Upgrade to premium and get better mileage? Nope? You're just throwing your money away, says the EPA.

Downsize to a small car, change your air filter every few months, let your cold car warm up before driving off, use premium fuel and aftermarket additives.

These are just some of ways not to improve your fuel economy. Conventional wisdom is often wrong, says the Environmental Protection Agency, which is tasked with tracking and regulating vehicle mileage under the Corporate Average Fuel Economy, or CAFE standards.

Even some of the most knowledgeable enthusiasts and experts may get it wrong when it comes to taking the right steps to improve mileage.  In some cases, that’s because of changing technology, the EPA reports on fueleconomy.gov.

In the era of the carburetor, a dirty air filter had a direct and immediate impact on mileage, but “Modern computer-controlled, fuel-injected engines regulate the air-fuel mixture so well that a dirty air filter does not decrease fuel economy—although it can still affect performance,” the EPA notes.

You may also get a surprise when you check the mileage numbers for manual transmissions.  Traditionally, sticks did better than automatics, but the latest automatics are lighter and more efficient, with lock-up torque converters that reduce losses, especially at highway speeds.  The 2011 Ford Mustang V6 is a notable exampe, rated at 31 mpg Highway with the automatic gearbox, 29 mpg with the manual.

Even downsizing is no guarantee of better.  Mustang’s numbers are actually better than a number of smaller cars, and with hybrid or diesel powertrains, some midsize models are outperforming subcompacts.

Here are the Top 10 Misconceptions About Fuel Economy, according to the EPA:

1. You have to drive a small car to get good fuel economy.

2. Manual transmissions always get better fuel economy than automatics.

3. It takes more fuel to start a vehicle than it does to let it idle.

4. Vehicles need to warm up before they can be driven.

5. As a vehicle ages, its fuel economy decreases significantly.

6. Replacing your air filter will help your car run more efficiently.

7. Aftermarket additives and devices can dramatically improve your fuel economy.

8. Using premium fuel improves your fuel economy.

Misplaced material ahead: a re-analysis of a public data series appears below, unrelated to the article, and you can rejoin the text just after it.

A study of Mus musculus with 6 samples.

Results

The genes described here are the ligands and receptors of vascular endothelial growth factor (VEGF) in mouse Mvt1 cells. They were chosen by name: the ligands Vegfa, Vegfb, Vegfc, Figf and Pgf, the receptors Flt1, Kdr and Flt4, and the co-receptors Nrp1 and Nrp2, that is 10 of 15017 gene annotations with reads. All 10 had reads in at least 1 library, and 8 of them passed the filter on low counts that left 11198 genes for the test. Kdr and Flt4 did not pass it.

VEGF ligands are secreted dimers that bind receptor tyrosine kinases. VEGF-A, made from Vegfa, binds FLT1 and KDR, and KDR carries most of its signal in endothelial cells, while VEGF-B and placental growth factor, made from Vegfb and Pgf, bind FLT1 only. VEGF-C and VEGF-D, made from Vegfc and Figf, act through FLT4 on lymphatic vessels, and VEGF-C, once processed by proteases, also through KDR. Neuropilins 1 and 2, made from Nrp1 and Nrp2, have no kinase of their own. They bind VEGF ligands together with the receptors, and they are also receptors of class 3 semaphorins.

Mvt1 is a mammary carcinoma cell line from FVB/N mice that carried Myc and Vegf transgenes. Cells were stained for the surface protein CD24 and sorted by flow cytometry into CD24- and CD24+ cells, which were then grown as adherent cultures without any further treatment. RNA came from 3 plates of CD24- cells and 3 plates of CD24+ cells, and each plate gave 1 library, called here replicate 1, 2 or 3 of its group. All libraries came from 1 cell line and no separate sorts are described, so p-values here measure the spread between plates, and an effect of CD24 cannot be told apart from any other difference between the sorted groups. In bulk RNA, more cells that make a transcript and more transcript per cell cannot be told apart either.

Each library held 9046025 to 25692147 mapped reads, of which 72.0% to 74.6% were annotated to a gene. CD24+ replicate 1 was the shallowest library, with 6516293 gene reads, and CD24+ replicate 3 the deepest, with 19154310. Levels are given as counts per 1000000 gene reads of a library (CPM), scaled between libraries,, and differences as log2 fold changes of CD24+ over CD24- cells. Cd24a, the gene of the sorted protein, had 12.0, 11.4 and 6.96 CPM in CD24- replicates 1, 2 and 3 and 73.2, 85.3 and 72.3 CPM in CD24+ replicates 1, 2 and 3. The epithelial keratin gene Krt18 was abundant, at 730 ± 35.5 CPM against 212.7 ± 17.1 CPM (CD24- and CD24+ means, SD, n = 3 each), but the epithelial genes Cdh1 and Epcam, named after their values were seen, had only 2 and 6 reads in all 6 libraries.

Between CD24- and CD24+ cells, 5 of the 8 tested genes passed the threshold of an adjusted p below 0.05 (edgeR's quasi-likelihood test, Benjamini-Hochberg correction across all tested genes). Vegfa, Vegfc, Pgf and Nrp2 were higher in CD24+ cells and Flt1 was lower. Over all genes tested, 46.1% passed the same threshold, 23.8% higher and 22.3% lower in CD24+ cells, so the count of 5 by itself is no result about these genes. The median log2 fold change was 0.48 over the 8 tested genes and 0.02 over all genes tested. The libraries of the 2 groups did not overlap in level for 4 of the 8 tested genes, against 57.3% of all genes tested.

9. The EPA fuel economy estimates are a government guarantee on what fuel economy each vehicle will deliver.

10. All vehicles are tested for fuel economy.

Among the other misconceptions, the government agency notes that idling a cold car only wastes fuel.  And while there’s some debate about how long is too long to let your car idle, most studies show that if you’re sitting for more than 15 to 30 seconds you’re better off shutting your car down, then restarting it when it’s time to move.

Indeed, industry officials expect to see so-called Start/Stop technology become near-ubiquitous by the end of this decade.  Such systems shut a motor down at idle, say when waiting for a stoplight.  The car instantly restarts the moment the driver’s foot lifts off the brake.  Start/Stop systems are the norm on hybrids like the Toyota Prius and Honda Insight, but even the new Porsche Panamera has added the technology to its drivetrain.

For the same reason you no longer need to change your air filter all the time, your car should not see its mileage decrease as it gets older.  Electronic control systems compensate for the vagaries of aging, though proper maintenance is necessary, especially if you get a warning light indicating a possible problem with one of the engine control systems.

Today’s cars are designed to runon a specific grade of gasoline.  You may think you’re being nice to your “baby,” or that using higher octane will somehow improve mileage and performance.  It won’t.  In fact, many vehicles rated to run on premium can operate on mid-grade or even regular, though that can impact performance.  Check your owner’s manual to see what the manufacturer recommends.  If it says, “regular no-lead,” you’re only throwing money into the oil company’s bank account by pumping premium.

And as for those additives and high-mileage devices, the simple tip is: forget ‘em.  Sure, we’ve all heard about the 100 mpg carburetor and the additive that let’s your car run on water.  Lump those stories in with the Loch Ness Monster and the Jersey Devil.  In this highly-competitive industry you can be absolutely assured that manufacturers aren’t hiding high-mileage technology.  A carmaker that had the 100 mpg carb or fuel injector would bring it out in a heartbeat and dominate the market.

As for those fuel additives, they simply don’t work.

Finally, when it comes to EPA fuel economy estimates, the numbers posted on the Monroney sticker – which you’ll find on the side window of every new car – are just an estimate based on putting the vehicle through a rigorous certification process.  Change the test standard even slightly and you’d get a different number.  That’s all the more true in the real world, meaning all sorts of things will impact your fuel economy, including your driving habits, traffic, even the altitude you live at.

“Mileage,” goes the old ad tagline, “may vary.”  And it usually will.

(You’ll find more from the EPA about mileage myths.  Just Click Here.)